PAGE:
Bastille Day Food and Drink Ideas

Written by
Vintage Cellars
February 16, 2017

For those of you who may not know much about it, Bastille Day is named after the day the French people, those seemingly without representation in the hierarchy, took on the overlords. It sounds more romantic in French, but Bastille Day celebrates the storming of the Bastille prison in Paris on the 14th of July in 1789. The French call this day La Fête Nationale (which translates to ‘The National Celebration’) or Le Quatorze Juillet (the 14th of July). It celebrates an uprising, a revolution of the people.

If you feel like having your own fete to celebrate with the French, then here are some tips on how to best embody Bastille Day down under.

On arrival

To begin let’s start with bubbles, Champagne to be precise. While many believe Champagne and oysters are a terrific pairing, and indeed it is, get yourself baking and make some gougères, or cheese puffs. Most French bakery requires some skill, so find someone who can bake or find a reputable source for the recipe so you have a reliable guide. These are the lightest, and fluffiest cheesy puffs you’ll ever have and they work so well with the lightest and airiest of drinks. Try matching it with some 2006 Moet & Chandon Vintage Champagne.

Surprising matches

As you move into your Bastille themed party bring out some cheese, charcuterie and pate. This salty, fatty and meaty course allows you to show off your wine knowledge and sense of the avant garde by serving a sweet wine. A sweet wine so early in the piece might seem unusual, but a bottle of Sauternes will offer just the right balance of sugar and acid to please even the hardiest of your ‘anything but sweet wine’ friends. A 375ml Carmes de Rieussec will be a thrilling addition to your party.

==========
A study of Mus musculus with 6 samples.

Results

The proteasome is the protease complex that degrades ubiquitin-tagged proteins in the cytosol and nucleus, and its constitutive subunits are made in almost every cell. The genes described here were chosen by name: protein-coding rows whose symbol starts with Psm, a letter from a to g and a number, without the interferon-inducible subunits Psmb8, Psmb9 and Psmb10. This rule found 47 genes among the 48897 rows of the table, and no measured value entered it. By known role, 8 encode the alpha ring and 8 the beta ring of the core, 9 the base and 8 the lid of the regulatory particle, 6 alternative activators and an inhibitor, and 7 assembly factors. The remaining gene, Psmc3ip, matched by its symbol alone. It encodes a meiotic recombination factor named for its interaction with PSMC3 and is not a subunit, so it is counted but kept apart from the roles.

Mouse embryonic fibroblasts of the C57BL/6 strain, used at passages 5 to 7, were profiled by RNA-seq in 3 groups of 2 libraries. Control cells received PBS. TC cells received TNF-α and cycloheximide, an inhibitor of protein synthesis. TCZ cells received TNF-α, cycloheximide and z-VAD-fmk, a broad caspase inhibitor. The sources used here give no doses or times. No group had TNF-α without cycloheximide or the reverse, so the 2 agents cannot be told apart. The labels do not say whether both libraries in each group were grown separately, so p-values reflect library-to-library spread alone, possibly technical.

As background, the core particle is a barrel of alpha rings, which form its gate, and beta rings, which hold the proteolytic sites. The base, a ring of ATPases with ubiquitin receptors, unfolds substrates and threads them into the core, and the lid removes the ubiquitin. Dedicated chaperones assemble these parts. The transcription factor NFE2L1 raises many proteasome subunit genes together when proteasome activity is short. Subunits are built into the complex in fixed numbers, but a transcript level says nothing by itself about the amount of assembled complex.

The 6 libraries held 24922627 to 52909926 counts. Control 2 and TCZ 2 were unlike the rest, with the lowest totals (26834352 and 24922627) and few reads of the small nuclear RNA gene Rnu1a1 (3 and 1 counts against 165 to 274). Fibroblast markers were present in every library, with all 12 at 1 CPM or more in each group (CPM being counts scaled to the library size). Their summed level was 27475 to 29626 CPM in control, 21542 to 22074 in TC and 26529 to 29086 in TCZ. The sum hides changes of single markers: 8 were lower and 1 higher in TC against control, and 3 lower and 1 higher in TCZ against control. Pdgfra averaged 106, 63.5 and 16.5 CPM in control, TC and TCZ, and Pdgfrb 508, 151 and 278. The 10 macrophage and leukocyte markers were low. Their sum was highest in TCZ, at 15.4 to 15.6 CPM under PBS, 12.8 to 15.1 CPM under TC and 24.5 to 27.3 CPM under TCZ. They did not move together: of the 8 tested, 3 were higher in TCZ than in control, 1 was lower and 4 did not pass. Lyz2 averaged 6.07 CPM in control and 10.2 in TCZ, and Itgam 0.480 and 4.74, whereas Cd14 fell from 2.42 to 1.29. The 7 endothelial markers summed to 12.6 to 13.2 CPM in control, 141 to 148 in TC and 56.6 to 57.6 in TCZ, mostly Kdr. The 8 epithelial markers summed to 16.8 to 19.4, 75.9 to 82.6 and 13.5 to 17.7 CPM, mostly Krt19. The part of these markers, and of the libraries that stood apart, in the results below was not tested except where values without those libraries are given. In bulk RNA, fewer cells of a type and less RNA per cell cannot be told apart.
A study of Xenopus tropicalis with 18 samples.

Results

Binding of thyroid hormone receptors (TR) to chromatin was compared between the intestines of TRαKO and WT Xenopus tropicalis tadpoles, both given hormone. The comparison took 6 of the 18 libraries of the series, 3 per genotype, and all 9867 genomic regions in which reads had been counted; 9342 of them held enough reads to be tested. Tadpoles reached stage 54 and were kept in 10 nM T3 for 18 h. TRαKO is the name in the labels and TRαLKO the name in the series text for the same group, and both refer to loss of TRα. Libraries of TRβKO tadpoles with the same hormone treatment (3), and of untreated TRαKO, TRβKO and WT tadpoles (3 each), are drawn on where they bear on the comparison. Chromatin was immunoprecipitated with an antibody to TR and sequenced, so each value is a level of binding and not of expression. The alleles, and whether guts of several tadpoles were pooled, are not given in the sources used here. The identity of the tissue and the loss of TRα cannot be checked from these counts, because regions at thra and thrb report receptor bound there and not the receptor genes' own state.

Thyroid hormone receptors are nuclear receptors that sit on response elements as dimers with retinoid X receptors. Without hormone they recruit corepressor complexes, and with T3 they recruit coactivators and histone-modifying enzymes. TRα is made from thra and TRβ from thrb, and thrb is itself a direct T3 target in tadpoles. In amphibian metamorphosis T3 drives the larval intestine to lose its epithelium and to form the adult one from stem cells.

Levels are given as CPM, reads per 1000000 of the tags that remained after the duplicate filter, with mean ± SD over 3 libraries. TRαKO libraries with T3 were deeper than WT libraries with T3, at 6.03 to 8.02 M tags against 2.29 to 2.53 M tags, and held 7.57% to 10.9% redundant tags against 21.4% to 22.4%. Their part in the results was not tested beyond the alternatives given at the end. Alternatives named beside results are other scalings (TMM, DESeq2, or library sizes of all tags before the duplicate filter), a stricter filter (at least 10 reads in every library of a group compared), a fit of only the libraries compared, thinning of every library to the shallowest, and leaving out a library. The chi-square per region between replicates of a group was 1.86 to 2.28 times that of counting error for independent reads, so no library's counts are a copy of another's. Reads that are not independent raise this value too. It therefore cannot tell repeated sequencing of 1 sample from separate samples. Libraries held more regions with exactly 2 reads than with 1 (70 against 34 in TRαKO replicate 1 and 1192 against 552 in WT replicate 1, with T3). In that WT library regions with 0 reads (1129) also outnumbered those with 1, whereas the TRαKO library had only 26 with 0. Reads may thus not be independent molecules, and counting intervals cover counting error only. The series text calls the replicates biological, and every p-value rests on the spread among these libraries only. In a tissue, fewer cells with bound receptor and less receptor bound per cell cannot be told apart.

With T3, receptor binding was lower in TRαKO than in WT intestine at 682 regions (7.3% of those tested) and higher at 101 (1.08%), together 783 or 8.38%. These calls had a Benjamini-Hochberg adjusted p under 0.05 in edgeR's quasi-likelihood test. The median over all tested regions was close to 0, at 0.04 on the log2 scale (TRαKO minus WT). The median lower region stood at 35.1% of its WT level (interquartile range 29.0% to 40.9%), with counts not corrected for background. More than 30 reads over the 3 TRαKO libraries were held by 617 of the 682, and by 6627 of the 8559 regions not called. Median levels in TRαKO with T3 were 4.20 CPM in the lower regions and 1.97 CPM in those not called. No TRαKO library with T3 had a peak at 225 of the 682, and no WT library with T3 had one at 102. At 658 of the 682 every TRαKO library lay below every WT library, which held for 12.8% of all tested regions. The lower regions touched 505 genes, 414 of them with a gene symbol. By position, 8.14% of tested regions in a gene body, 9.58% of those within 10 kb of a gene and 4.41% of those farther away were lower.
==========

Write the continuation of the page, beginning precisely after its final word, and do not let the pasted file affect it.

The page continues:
Eggcellent entree

Next up on the menu is an omelette. The key to making a great omelette is to keep it simple, just adding in a pinch of salt and pepper to taste. Ready the pan so it’s hot, but not smoking. Beat one egg, because as the French say, one egg is an oeuf. Beat until the yolk and white are combined. Put a teaspoon of butter in the pan and as it melts add the egg and start to move the egg around with a fork so that all that it forms little mountains in the pan. The egg should cover the whole of the pan and still have bits that are runny. Add some soft goat’s cheese and fold the egg onto itself in half, so you are left with an omelette shape. Roll the egg out of the pan and onto a plate and garnish with salt and pepper and some curly endive. This is as simple as cooking gets. Serve this with La Chablisienne Chablis. Too easy.

Low and slow

If people are still looking hungry, be thankful that you made a French inspired beef stew the day before; you can tell them it is Boeuf Bourguignon. The trick to this being authentic is to use lots of red wine and plenty of onion, garlic and good quality bacon. Serve this in a bowl with a side of buttered and crusty baguette and a delightful Maison Champy Bourgogne Rouge.

Happy endings

As your guests pat their full stomachs and start saying “oh la la” far too often, send out a little treat to make this a truly memorable fete. You’ll need some Courvoisier VSOP Cognac, but you needn’t give everyone a glass. Make some brandy snaps and whisk the Cognac into the cream that fills them.

Once everyone has gone home, you can relax on the couch with a little snifter for yourself, content in the knowledge you have toasted those that stormed the Bastille in the most French way possible, by having a great big lunch.